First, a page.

Bangalore: Infosys Ltd, India’s second largest software services provider, reported a lower-than-expected quarterly profit in the three months ended September, and provided a weak forecast for the outsourcing business citing economic uncertainties in its top markets—the US and Europe.
Helped by the rupee appreciation, net profit for the September quarter rose 24.3% to Rs.2,369 crore.
The company, however, lowered its growth forecast for the year ending March. Infosys now expects to grow its revenue at 17.3% to Rs.39,582 crore during the year, lower than the 19.7% growth it had projected earlier.
Infosys shares dropped as much as 8.8% on Friday, but recouped losses after the company clarified that the revenue growth forecast for the current fiscal year that ends in March 2013 does not include revenue from Lodestone Holding AG. The shares closed 5.36% lower at Rs.2,395.65 apiece on BSE on Friday.
Revenue for the September quarter in dollar terms—the currency in which Infosys bills most of its customers—was $1.79 billion, an annual increase of 2.9%, and marginally up from $1.75 billion it reported during the June quarter earlier this year.
“Global economic uncertainties continue to face the industry,” chief executive S.D. Shibulal said.
As a part of senior management changes, Infosys said its chief financial officer (CFO) V. Balakrishnan will be replaced by Rajiv Bansal from 31 October. Balakrishnan will continue to be a board member and lead the company’s back-office, India business and Finacle—the banking product.
The CFO change will be viewed negatively by investors since Balakrishnan was always highly rated in investment circles.
During the September quarter, revenue from the company’s India business unit declined 15.4% sequentially.
The company also announced a wage hike of 6% for its staff based in India and 2% hike for employees based in the US, Europe and other overseas locations.
Infosys, which counts Procter and Gamble Co. among its top clients, added 39 customers during the September quarter, lower than the 51 it had added during the June quarter.
Brokerage analysts tracking the company said Infosys disappointed on growth outlook as well as the management changes.
“(The results) were a huge negative. Not enough revenue growth, pricing was under pressure as expected, margins dipped despite an increase in utilization rates, there’s nothing positive,” said Karan Taurani of Mumbai-based IFCI Ltd.
Analysts were hoping that Infosys could raise its revenue growth forecast after it acquired consulting firm Lodestone last month.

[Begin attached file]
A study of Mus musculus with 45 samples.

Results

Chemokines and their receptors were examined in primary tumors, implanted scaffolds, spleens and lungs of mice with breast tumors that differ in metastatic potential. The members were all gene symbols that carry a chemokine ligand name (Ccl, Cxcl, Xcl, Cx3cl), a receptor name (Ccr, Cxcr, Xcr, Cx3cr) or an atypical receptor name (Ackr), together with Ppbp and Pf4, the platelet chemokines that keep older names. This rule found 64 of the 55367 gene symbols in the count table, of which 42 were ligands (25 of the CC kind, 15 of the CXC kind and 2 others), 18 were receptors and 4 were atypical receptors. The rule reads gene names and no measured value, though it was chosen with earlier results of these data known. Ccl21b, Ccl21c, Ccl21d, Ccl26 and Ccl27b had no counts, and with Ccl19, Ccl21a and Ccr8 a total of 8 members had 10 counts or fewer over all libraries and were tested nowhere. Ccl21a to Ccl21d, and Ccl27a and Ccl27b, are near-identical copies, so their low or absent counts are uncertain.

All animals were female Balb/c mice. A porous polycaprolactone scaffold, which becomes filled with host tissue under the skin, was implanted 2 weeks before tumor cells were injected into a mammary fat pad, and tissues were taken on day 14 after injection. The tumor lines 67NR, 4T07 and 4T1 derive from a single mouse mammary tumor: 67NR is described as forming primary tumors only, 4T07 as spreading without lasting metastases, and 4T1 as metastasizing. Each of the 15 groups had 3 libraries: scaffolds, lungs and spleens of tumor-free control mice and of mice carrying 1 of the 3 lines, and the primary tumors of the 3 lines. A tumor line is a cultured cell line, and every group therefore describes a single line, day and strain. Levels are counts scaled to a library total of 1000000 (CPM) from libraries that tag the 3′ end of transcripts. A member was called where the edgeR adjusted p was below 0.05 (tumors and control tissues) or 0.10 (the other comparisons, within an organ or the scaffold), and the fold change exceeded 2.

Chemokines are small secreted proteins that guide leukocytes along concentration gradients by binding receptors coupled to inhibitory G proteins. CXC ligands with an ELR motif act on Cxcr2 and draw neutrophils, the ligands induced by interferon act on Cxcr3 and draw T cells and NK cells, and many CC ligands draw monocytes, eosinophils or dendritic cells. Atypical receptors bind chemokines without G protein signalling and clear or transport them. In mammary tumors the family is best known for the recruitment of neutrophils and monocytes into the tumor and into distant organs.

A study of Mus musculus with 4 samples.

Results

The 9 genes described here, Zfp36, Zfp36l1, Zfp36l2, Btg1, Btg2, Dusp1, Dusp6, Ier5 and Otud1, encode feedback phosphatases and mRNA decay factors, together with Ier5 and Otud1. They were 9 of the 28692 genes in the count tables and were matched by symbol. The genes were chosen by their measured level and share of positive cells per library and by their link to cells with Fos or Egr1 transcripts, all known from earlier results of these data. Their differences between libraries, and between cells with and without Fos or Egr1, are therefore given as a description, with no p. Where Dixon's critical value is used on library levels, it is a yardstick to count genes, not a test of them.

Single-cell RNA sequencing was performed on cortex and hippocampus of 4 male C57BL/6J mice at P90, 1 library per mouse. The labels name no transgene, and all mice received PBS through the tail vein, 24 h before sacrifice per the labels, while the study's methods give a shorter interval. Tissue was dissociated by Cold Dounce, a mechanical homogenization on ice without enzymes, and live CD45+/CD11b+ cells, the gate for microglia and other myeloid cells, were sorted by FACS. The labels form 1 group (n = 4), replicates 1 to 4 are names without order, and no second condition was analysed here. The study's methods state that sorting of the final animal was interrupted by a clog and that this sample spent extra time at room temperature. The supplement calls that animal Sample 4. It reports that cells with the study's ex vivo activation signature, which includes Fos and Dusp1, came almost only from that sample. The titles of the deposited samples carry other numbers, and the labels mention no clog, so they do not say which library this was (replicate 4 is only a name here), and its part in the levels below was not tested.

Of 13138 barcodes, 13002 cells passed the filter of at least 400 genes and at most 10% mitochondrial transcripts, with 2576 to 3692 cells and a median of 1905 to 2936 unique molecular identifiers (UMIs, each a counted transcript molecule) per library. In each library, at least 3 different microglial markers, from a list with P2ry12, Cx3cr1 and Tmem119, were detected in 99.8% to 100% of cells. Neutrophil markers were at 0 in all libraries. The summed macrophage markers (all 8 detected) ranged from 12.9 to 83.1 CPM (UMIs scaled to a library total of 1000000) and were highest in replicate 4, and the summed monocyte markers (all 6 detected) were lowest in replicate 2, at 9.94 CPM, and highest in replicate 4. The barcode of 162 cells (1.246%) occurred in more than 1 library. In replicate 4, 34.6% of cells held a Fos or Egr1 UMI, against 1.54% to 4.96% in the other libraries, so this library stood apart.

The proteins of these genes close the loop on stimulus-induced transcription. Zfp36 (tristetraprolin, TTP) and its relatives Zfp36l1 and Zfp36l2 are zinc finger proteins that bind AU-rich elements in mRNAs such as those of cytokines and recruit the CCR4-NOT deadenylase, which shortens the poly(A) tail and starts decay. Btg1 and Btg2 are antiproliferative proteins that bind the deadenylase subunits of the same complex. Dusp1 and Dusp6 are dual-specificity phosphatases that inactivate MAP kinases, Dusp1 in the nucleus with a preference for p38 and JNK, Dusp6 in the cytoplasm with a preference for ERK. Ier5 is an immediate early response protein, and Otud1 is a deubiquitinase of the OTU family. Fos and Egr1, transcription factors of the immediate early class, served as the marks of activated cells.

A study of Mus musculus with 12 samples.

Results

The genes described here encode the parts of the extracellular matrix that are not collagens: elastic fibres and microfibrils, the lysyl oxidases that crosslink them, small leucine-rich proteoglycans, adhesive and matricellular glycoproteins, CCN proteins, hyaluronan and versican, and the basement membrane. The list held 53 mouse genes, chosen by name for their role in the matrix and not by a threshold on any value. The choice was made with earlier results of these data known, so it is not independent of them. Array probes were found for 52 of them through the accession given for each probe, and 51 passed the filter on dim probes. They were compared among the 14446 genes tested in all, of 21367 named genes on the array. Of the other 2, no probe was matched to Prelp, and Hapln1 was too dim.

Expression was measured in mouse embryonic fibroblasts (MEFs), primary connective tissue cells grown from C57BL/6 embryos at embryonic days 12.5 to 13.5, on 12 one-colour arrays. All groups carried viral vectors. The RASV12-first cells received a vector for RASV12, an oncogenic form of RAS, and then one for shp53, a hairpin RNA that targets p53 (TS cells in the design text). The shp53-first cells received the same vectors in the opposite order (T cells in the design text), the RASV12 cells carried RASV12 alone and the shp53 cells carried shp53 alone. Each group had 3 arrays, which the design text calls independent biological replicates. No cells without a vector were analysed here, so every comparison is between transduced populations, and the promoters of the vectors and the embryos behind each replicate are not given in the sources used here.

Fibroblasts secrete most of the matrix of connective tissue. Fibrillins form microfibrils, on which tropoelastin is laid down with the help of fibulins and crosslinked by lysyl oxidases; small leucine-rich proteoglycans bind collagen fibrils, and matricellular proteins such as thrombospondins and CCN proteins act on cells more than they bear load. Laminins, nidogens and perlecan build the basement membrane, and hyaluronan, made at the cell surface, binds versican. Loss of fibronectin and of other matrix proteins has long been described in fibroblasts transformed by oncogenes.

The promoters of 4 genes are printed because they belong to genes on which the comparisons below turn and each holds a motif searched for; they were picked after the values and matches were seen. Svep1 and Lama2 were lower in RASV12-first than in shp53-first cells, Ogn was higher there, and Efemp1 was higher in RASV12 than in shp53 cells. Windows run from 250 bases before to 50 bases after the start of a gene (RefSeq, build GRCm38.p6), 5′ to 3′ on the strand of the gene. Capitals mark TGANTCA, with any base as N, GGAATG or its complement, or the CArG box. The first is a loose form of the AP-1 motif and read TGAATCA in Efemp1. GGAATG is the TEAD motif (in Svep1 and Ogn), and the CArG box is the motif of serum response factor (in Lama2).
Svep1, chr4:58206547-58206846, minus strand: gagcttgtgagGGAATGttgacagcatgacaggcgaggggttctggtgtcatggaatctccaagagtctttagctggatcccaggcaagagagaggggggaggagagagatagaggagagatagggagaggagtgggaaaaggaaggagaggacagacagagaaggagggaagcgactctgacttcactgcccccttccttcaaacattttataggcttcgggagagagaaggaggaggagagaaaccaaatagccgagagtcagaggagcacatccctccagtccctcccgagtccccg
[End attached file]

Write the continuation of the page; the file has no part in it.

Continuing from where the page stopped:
“Investors were expecting guidance to be revised upwards by at least 2% because of the Lodestone acquisition. There’s still more pain for Infosys for at least two more quarters, if not more,” Taurani added.
Infosys, which had been criticized for not using its $4 billion-plus cash pile, announced a $350 million deal for consultancy Lodestone in September—its largest ever acquisition.
Brokerage analysts at JPMorgan had expected Infosys to grow its September quarter revenue by at least 3.2% to $1.8 billion. Instead, the company said its revenue for the quarter grew 2.9% to $1.79 billion.
Infosys said it expects revenue for the year ending 31 March to grow by 5% to $7.34 billion.
“Infosys is behaving like a trading stock exhibiting violent volatility on the day of results allowing tactical entry points to the investor post-results, but hardly achieving stock break-out,” JPMorgan India analysts Viju K. George and Amit Sharma said in their 9 October report.
Analysts tracking the sector said currency fluctuations, which favoured software exports until a few months ago, will now start playing a different role.
“Rupee depreciation has driven stable stock performance for the Indian IT (information technology) names despite material deterioration in annual revenue growth trajectory,” said brokerage firm Kotak Institutional Equities. “This benefit may not last for long as the rupee-depreciation kicker to earnings will likely start to wear off from the December 2012 quarter, with companies potentially reporting a deceleration in earnings growth to even a decline on annual comparison.”
Over the past few quarters, Infosys has been lagging its peers in growth. In August, Infosys cut its revenue growth forecast for the year ending March 2013 to 5% from its previous view of 8-10% after complaining of a drop in prices for the June quarter. Tata Consultancy Services Ltd (TCS) had posted a bigger-than-expected 38% jump in net profit for that quarter and said it expected to surpass Nasscom’s forecast of 11-14% increase in exports for the industry. Since then, Infosys shares have increased by 18%, outperforming the TCS stock. Like Infosys, Wipro Ltd also gave a lower-than-expected revenue forecast for its core IT services business.
Accenture Plc, on the other hand, is gaining market share and forecast strong annual earnings last month as its outsourcing business grows at a much faster pace than its core consulting unit.
India’s $100 billion outsourcing industry is led by TCS, Infosys and Wipro, in that order. The industry gets a majority of its revenue from the US and Europe, where companies are cutting back on IT spending amid the debt crisis in euro zone and weak economic growth in the US.